Brink Fidler is overwhelmed with requests for hands-on active violence mitigation training. The president of Nashville-based Defense Systems and former Metro Nashville Police Department officer recently got his first call from an area hospital.
“It’s crazy I can even do this for a living, but here we are,” Fidler said. “People are beginning to realize that these things are so frequent, and so fast. They just unfold so quickly that waiting on the cops is just not an option.”
The state appears to be taking notice as well. The Tennessee Department of Health late last month issued a request for information from potential outside vendors to provide training for workplace violence, domestic violence and active violence in health care settings for all counties and metro health department employees. The RFI noted that over the last year, there have been more than 50 workplace violence incidents reported by TDH staff. These incidents included patients assaulting staff, staff breaking up fights between patients, domestic violence and clinics going into lockdown due to suspicious activity in the area.
The Bureau of Labor Statistics reports that for full-time employees in health care and social assistance, rates of violence have grown. In 2011, rates of violence were reported at 6.4 per 10,000 full-time employees. By 2018, rates of violence increased to 10.4 per 10,000.
“The health care and social service industries experience the highest rates of injuries caused by workplace violence and are five times as likely to suffer a workplace violence injury than workers overall,” the bureau reports.
Prompted by requests from a member needs survey, the Tennessee Primary Care Association offered a training specifically focused on violence in the workplace for the first time in June of this year, and the organization plans to expand it, said CEO Libby Thurman. Previous training focused on natural disasters and emergencies.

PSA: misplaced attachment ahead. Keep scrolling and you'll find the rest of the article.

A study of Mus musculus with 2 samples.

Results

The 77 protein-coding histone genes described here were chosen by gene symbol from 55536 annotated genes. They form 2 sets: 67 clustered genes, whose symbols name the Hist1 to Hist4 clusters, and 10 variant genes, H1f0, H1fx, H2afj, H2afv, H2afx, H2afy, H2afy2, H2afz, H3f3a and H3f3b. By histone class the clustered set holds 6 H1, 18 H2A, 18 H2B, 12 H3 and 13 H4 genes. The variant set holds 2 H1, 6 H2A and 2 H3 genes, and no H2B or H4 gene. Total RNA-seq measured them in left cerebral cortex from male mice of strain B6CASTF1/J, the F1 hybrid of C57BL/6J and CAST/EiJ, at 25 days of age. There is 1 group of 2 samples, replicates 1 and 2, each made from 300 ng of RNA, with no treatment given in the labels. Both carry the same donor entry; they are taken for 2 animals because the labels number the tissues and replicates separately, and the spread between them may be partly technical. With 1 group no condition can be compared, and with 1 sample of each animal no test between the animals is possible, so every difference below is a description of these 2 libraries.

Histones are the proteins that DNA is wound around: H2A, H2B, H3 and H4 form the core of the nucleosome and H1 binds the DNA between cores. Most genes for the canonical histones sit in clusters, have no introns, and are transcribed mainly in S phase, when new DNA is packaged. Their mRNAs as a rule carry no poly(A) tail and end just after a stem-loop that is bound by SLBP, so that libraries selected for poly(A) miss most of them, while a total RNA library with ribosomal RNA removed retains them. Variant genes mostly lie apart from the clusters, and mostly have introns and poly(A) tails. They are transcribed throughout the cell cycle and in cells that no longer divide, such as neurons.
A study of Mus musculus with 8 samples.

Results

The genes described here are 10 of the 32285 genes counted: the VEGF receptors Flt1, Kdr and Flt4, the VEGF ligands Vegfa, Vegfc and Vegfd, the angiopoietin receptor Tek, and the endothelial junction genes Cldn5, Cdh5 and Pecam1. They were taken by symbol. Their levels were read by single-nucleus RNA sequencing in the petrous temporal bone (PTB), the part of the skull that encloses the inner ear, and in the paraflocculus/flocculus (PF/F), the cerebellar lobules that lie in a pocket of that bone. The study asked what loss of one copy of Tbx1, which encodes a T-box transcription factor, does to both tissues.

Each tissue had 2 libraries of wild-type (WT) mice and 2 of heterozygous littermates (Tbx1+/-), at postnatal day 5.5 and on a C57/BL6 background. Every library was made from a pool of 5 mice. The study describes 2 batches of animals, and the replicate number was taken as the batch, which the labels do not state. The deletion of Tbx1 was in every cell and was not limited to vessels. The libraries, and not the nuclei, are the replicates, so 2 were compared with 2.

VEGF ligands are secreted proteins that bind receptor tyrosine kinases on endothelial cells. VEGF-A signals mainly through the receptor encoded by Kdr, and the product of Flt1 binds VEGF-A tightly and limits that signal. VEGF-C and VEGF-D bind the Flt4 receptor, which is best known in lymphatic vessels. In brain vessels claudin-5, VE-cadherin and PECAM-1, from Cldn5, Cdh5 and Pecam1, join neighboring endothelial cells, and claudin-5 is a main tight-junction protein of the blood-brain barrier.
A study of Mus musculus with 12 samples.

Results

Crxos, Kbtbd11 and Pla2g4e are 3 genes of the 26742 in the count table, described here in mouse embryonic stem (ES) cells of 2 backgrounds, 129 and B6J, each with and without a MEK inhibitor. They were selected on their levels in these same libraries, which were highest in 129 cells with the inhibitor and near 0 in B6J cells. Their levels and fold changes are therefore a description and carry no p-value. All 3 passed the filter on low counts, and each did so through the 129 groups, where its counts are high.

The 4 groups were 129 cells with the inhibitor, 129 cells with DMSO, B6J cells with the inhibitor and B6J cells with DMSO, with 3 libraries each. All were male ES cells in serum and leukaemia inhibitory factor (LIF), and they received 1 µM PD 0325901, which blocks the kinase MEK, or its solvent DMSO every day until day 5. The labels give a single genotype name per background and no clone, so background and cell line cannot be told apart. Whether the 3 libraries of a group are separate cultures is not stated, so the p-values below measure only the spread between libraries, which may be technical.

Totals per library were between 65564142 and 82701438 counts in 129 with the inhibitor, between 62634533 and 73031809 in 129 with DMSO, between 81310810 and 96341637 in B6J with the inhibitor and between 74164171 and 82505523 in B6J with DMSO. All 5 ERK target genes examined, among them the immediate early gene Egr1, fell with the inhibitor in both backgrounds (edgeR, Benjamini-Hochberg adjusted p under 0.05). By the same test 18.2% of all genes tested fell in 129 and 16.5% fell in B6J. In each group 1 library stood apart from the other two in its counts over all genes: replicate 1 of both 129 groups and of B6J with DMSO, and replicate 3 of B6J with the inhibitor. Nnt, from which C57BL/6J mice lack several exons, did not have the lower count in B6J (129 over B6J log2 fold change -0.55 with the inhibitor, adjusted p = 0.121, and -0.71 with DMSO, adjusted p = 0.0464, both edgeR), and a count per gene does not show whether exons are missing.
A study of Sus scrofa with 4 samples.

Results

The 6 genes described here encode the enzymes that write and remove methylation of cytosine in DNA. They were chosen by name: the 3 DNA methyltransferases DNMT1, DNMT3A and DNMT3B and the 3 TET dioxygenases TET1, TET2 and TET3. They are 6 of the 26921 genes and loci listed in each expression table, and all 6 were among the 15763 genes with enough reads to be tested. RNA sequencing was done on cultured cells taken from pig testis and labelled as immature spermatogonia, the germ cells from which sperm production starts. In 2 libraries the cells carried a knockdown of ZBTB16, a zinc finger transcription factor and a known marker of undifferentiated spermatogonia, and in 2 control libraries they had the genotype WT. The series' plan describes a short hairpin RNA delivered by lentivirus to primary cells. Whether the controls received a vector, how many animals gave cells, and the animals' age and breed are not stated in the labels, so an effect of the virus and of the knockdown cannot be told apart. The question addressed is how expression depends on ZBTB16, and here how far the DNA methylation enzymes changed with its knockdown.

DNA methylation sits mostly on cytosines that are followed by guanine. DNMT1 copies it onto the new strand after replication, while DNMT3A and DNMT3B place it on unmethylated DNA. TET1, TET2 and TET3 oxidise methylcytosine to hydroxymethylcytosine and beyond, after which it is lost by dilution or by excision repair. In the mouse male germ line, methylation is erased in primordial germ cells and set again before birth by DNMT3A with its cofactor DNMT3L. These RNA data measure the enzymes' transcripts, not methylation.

“There were reports of heightened tensions in health care settings throughout the pandemic due to a variety of reasons,” Thurman said. “A few of our members also experienced incidents of violence and outbursts, and we wanted to support them with tools to respond to a potential incident.”
Defense Systems already gives training to the state, including the Tennessee Bureau of Investigation and Tennessee Higher Education Commission. Fidler said his training is adjusted slightly for the health care setting, just as his trainings are tailored for the school setting. He added that the hospital presents a unique challenge in that the patient rooms often don’t lock and equipment like oxygen machines or ventilators are also at risk, plus some patients may not be mobile.
“You have more to worry about from a crossfire situation in a hospital than maybe in some other environments that don't have as much sensitive equipment,” he said.
There are currently no specific federal Occupational Safety and Health Administration standards for workplace violence, though in 2016 the organization released some guidelines specifically for health care settings. The Tennessee Hospital Association released information about developing a workplace violence prevention program in 2020. National legislation was introduced in 2021 in an effort to introduce standards for workplace violence in health care, social service and other sectors. Fidler said he hopes to see training for active violence become mandatory for workplaces.
“I hope we're gonna get there eventually, where this kind of training is mandatory, whether it's mine or not, just because this is where we've missed the boat,” Fidler said. “The people that find themselves in the event not knowing what to do is where we've really not done enough as a society.”